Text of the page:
Monday, March 30, 2015

Time to Transition Away from, "We've Always Done it That Way"

change in medical practice

“We’ve always done it that way!” “That’s the way I was told to do it!” These statements have served you well over the years because the business (your practice) has been successful and new patients have come. I believe that now is the time to set your intentions to “transition” to the future. I recently re-read a book by Clayton M. Christensen, The Innovator’s Dilemma (Harper Collins Publishers, Inc., 2003), in which he suggests that any innovation is based upon the business’ resources, processes, and values, which are all related but should be looked at as a ladder, with resources as the base.

One of his main points is that resources can be improved; processes (how and why we do things) are a lot harder to change and are where bottlenecks in improvement programs stop. Therefore, this might be a good time to look at your resources, one of the most important being employees. Do you have employees who buy into your practice purpose? Do your employees have the right skills for today and tomorrow? It has been proved over and over again that an employee problem is 85% the “fault” of the business (manager) by not selecting, training, and developing the staff. So whether your answer is yes or no, there are some things that should be done now to prepare this valuable resource for the future. First, do you have a training program? Is there time for orientation of new employees, which includes the “compliance” (OSHA, HIPAA) and the practice mission, values, benefits, etc.?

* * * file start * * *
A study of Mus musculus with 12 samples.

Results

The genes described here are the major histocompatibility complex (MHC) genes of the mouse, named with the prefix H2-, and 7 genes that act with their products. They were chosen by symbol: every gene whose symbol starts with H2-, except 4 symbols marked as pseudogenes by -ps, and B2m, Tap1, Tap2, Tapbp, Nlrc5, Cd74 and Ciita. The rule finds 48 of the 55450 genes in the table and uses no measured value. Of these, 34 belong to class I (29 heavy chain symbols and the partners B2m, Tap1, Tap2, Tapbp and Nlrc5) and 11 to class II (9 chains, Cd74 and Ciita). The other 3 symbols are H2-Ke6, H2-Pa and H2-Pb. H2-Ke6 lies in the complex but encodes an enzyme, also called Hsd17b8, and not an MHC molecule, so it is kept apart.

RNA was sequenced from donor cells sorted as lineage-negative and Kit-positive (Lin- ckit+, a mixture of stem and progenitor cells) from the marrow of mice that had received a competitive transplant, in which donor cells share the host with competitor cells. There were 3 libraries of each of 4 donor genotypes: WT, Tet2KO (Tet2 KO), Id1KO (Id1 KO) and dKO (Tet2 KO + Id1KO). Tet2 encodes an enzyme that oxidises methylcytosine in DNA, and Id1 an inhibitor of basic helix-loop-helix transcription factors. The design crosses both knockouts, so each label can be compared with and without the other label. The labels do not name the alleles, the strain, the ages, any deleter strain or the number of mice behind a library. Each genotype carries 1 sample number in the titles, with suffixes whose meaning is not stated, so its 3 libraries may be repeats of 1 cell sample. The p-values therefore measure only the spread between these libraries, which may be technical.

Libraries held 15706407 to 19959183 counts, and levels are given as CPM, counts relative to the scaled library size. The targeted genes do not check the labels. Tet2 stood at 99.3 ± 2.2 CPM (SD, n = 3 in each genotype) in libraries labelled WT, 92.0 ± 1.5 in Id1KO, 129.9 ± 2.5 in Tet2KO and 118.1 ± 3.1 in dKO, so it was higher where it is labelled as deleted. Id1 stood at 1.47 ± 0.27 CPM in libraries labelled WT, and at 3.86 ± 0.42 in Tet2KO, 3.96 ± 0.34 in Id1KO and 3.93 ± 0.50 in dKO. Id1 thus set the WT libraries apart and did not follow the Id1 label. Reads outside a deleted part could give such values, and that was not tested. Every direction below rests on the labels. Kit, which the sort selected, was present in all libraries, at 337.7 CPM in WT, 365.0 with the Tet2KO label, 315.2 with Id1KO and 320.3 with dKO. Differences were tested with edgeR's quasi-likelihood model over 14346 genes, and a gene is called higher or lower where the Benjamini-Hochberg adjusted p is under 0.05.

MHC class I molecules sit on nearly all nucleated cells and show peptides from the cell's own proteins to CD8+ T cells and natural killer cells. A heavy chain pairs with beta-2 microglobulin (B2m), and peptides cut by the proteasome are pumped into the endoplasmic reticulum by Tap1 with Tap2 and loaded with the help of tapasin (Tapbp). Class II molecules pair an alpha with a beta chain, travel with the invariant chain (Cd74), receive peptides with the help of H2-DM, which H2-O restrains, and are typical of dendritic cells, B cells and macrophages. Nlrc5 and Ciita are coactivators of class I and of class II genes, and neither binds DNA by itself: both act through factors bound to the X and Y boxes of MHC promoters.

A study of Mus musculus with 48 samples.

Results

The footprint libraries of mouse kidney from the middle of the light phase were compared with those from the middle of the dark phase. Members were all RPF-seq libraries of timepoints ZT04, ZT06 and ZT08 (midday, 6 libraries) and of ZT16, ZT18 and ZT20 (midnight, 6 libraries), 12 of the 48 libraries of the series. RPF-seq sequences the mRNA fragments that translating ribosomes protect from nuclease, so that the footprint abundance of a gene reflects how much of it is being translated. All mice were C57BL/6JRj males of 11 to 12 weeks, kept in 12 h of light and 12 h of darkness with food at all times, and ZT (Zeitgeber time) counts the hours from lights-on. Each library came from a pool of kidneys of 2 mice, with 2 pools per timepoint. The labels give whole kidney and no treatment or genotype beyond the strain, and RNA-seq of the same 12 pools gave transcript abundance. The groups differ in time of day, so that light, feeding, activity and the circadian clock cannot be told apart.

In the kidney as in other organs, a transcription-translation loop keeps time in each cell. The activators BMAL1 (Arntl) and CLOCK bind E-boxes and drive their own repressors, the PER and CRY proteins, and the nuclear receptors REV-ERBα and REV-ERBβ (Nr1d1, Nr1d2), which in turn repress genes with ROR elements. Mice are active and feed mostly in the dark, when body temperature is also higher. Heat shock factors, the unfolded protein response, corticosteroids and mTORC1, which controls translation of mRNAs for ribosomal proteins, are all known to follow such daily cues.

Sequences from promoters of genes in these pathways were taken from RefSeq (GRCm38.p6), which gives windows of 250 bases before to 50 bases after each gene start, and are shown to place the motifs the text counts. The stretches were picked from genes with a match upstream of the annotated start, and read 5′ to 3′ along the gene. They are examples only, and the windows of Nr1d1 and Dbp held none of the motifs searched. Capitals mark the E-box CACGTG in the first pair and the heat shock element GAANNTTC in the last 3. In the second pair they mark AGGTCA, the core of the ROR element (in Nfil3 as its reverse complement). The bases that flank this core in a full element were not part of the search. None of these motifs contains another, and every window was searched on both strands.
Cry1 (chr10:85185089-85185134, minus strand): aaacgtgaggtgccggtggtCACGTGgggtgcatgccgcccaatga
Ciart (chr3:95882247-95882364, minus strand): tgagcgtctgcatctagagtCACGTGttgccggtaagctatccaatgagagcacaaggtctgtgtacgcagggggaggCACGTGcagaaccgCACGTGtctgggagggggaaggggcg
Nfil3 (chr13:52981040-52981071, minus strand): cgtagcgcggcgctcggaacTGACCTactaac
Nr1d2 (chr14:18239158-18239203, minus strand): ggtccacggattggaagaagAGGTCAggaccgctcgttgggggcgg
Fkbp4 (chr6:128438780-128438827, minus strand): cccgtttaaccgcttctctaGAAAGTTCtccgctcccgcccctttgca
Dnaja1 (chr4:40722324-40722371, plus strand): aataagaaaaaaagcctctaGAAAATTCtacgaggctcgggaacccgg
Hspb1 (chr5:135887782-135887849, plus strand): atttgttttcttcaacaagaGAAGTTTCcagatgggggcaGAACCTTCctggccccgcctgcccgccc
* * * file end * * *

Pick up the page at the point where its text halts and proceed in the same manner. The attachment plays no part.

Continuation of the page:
Set aside an hour or more monthly or at least quarterly for a formal training session, involve physicians and all staff, make it mandatory. Make reviewing the purpose, sharing ideas, and learning new things part of the program. Second, communicate well. This is not only about e-mail; it involves face-to-face interaction in group sessions as noted above and also individual or department discussions. Share the plans for the year, discuss what happened in the past, challenge everyone to be aware of the industry—healthcare is in the news almost daily. Any group meeting should include an agenda to prepare the participants as well as to help ensure maximum benefit in the time allowed. Minutes should be taken and made available (posted or on intranet) for all to see and review. The employee who understands, is involved, and is asked for suggestions will contribute. Third, involve employees by acknowledging their skills and ability. An employee who understands the business’ purpose will be more committed to becoming involved. As practice leaders, you can not only develop (train! communicate!) employees but you can delegate tasks. This will expand the use of resources but also may help lead to improvements in processes. The employee who understands, is involved, and is asked for suggestions will contribute. Developing and utilizing your employees will go a long way in preparing you to be proactive rather than reactive to future change.